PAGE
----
Soccer Moves - Onyewu to Newcastle, Ronaldo to AC Milan. Gooch finds himself an English team where he can play a major role. The Magpies are trying to restore their glory days. Onyewu will help anchor their defense. Right now it's just a loan until the end of the season, but Gooch hopes to convince Newcastle to sign him to a new contract.
Onyewu is riding the crest of a wave in U.S. soccer, which has a number of players skipping right over MLS to try and catch on with the more competitive and better-paying European leagues. There's a fine piece by Jeff Carlisle at ESPN's site, on what Carlisle sees as a growing problem for MLS -- with the best young American talent striking out for Europe. ESPNnet article. Last year's crop of coveted Americans signing to play with top-flight squads in Europe was led by the speedy Lee Nguyen, along with Benny Feilhaber, who was so impressive in training for the World Cup. This year's notables include U.Md. standout Robbie Rodgers, Notre Dame midfielder Greg Dalby and BC striker Charlie Davis.
Carlisle fears a future in which the U.S. national team consists mostly of Americans playing abroad. I'm not sure why this is something to fear. Last week, Claudio Reyna signed to play his first professional games in the MLS. In large measure, he was the first American to succeed in Europe, paving the way for the younger class of players like Onyewu. I suspect Reyna will also be a pioneer in showing the way for future veterans of European competition to return to American shores and raise the level of our game, after they've had a chance to develop at the highest levels.
This development would be good for the MLS, in the long run. It would surely be a boon to the national team, which likely would be better able to compete on the world stage. I think the MLS would reap the rewards from any improvement in the fortunes if the U.S. national team. Nothing will create greater interest in the sport here, than to see Americans succeed against the world's elite.
There is also an interesting AP piece on the New York Times website about Ronaldo's signing with AC Milan. AC Milan Acquires Soccer Great Ronaldo. As the article notes, this marks the final breakup of the 'Galacticos' -- the arsenal of world-class stars that signed with Real Madrid before and, especially, after the 2002 World Cup. It was expected that Real Madrid would need a whole new trophy case to house all the hardware this galaxy of stars was expected to win. It didn't happen that way. Although the early 'Galacticos' enjoyed success, winning a European Cup and two La Liga championships, Madrid's last trophy of any kind was in 2003 -- that might not seem so long ago, but it is the longest drought in over fifty years for the club.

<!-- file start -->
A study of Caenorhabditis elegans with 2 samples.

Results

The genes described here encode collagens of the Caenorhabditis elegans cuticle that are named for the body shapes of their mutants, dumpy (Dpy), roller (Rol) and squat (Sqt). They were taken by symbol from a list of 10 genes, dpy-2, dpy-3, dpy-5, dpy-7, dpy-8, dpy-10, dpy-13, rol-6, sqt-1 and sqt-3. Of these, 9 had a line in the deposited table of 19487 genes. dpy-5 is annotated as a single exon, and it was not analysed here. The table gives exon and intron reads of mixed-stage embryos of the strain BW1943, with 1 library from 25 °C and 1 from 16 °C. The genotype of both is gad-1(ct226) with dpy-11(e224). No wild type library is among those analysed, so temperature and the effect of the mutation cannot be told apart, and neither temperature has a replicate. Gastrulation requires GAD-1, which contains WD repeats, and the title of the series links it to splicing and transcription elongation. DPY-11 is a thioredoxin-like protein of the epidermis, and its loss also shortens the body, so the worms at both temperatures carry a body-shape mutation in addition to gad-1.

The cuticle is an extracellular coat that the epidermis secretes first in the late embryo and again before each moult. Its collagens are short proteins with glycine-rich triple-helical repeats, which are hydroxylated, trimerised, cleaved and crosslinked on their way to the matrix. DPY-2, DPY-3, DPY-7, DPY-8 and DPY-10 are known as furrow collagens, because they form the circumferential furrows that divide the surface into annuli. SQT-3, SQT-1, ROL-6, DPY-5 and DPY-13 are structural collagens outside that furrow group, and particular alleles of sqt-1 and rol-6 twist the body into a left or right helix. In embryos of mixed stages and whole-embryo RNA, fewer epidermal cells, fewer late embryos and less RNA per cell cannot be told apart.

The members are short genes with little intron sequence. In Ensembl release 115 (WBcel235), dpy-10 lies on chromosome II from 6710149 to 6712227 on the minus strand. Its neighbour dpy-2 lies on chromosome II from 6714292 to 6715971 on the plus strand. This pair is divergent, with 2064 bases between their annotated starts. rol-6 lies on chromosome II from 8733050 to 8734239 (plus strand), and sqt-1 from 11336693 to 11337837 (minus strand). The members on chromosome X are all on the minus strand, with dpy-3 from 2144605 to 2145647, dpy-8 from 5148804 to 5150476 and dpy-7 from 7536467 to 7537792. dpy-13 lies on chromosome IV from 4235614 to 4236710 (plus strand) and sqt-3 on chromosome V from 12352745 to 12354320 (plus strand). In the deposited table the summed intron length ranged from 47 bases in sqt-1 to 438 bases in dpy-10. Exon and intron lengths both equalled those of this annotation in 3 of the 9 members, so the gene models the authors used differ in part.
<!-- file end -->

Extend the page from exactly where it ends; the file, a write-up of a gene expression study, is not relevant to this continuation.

The first to sign was Luis Figo in 2000; Zinedine Zidane signed, the next year; Ronaldo, joined Madrid, following the '02 Cup; then, David Beckham signed in 2003; finally, Madrid added Michael Owen, the following year. Now, with Beckham having signed to play in Los Angeles, Ronaldo's move to Italy marks the official end of the original Galacticos. The Reuters story echoes the same theme of "bringing down the curtain on the Galactico era."
Of course, the AP and Reuters articles overstate the case a bit. There is a new cast of stars in Madrid, almost as talented, if not as famous as the original Galacticos. With Robinho, Ruud van Nistleroy, Fabio Cannivaro (FIFA Player of the Year) and Emerson, Madrid has plenty of talent and future star-power. I think the nickname may stick for a little while longer, even if it better describes the assemblage of superstars on Chelsea's roster -- in fact, Chelsea's current roster is probably a little more impressive than Madrid's ever was, even if the players may not be as widely recognized as were Madrid's Galacticos.
A final note on a story that ran in today's Washington Post - The Post covered the new routine for Ricky Schramm, trying to win a spot with D.C. United. Schramm was drafted out of Georgetown by United in the recent SuperDraft. I mention him because he grew up in Eastchester, N.Y. -- right next door to my hometown of Scarsdale -- in Westchester County (the county that the next President of the United States, Hillary Clinton, now calls home). Here's a link to the story on Schramm: Schramm Puts Best Foot Forward, Tries to Make United's Roster.